Profile Bio Text
(28 March 1920 - 10 January 1936) (divorced)
Pickford became secretly involved in a relationship with Douglas Fairbanks. They toured the US together in 1918 to promote Liberty Bond sales for the World War I effort. Around this time, Pickford also suffered from a bout of the flu during the 1918 flu pandemic, but survived. Pickford divorced Moore on March 2, 1920, and married Fairbanks on March 28 of the same year. They went to Europe for their honeymoon; fans in London and in Paris caused riots trying to get to the famous couple. The couple's triumphant return to Hollywood was witnessed by vast crowds who turned out to hail them at railway stations across the United States.
The Mark of Zorro (1920) and a series of other swashbucklers gave the popular Fairbanks a more romantic, heroic image. Pickford continued to epitomize the virtuous but fiery girl next door. Even at private parties people instinctively stood up when Pickford entered a room; she and her husband were often referred to as "Hollywood royalty." Their international reputations were broad. Foreign heads of state and dignitaries who visited the White House often asked if they could also visit Pickfair, the couple's mansion in Beverly Hills.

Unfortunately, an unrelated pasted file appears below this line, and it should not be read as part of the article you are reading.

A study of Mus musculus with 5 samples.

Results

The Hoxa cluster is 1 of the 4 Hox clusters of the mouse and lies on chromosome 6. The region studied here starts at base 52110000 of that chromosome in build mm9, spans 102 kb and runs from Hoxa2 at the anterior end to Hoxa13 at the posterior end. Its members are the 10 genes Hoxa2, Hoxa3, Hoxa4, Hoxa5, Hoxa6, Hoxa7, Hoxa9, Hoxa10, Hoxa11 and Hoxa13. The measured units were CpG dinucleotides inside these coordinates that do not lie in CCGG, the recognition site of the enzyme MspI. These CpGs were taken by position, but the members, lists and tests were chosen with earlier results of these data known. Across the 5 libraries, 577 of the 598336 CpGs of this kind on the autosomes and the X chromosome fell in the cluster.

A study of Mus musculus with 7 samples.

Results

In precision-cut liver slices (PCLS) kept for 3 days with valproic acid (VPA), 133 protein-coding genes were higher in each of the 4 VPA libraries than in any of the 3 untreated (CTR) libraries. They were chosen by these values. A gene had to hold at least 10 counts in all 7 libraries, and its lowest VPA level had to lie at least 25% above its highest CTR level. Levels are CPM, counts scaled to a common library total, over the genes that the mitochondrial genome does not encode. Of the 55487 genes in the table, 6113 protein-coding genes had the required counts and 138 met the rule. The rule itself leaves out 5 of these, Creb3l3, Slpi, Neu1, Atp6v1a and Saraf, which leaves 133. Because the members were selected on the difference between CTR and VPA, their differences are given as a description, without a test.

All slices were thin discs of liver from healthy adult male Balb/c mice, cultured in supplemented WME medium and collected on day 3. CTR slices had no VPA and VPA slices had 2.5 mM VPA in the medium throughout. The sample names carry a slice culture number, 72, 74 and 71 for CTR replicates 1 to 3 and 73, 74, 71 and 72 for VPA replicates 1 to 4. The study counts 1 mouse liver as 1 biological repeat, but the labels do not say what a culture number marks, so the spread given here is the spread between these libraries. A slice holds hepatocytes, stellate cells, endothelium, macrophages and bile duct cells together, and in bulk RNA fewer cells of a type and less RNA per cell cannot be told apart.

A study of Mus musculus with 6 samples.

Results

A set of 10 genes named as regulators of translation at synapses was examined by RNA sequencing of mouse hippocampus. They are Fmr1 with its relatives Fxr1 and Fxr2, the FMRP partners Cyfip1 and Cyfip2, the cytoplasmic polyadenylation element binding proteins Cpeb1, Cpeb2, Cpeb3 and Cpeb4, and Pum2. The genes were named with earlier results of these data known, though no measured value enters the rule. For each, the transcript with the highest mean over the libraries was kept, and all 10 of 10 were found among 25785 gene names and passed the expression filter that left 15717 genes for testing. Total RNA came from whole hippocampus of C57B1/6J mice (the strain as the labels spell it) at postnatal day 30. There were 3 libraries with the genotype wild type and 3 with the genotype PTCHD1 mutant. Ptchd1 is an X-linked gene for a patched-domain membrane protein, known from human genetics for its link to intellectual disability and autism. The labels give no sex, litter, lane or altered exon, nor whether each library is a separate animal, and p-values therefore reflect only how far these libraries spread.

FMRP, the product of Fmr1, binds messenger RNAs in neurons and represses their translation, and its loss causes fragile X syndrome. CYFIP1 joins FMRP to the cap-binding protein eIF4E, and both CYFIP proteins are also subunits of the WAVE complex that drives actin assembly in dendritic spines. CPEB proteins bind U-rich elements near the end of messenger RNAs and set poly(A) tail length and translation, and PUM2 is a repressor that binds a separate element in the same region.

Dinners at Pickfair included a number of notable guests. Charlie Chaplin, Fairbanks' best friend, was often present. Other guests included George Bernard Shaw, Albert Einstein, Elinor Glyn, Helen Keller, H. G. Wells, Lord Mountbatten, Fritz Kreisler, Amelia Earhart, F. Scott Fitzgerald, Noël Coward, Max Reinhardt, Baron Nishi, Vladimir Nemirovich-Danchenko, Sir Arthur Conan Doyle, Austen Chamberlain, Sir Harry Lauder, and the Indian spiritual teacher Meher Baba. The public nature of Pickford's second marriage strained it to the breaking point. Both she and Fairbanks had little time off from producing and acting in their films. They were also constantly on display as America's unofficial ambassadors to the world, leading parades, cutting ribbons, and making speeches.
When their film careers both began to flounder at the end of the silent era, Fairbanks' restless nature prompted him to overseas travel (something which Pickford did not enjoy). When Fairbanks' romance with Sylvia, Lady Ashley became public in the early 1930s he and Pickford separated. They divorced January 10, 1936. Fairbanks' son by his first wife, Douglas Fairbanks Jr., claimed that his father and Pickford long regretted their inability to reconcile.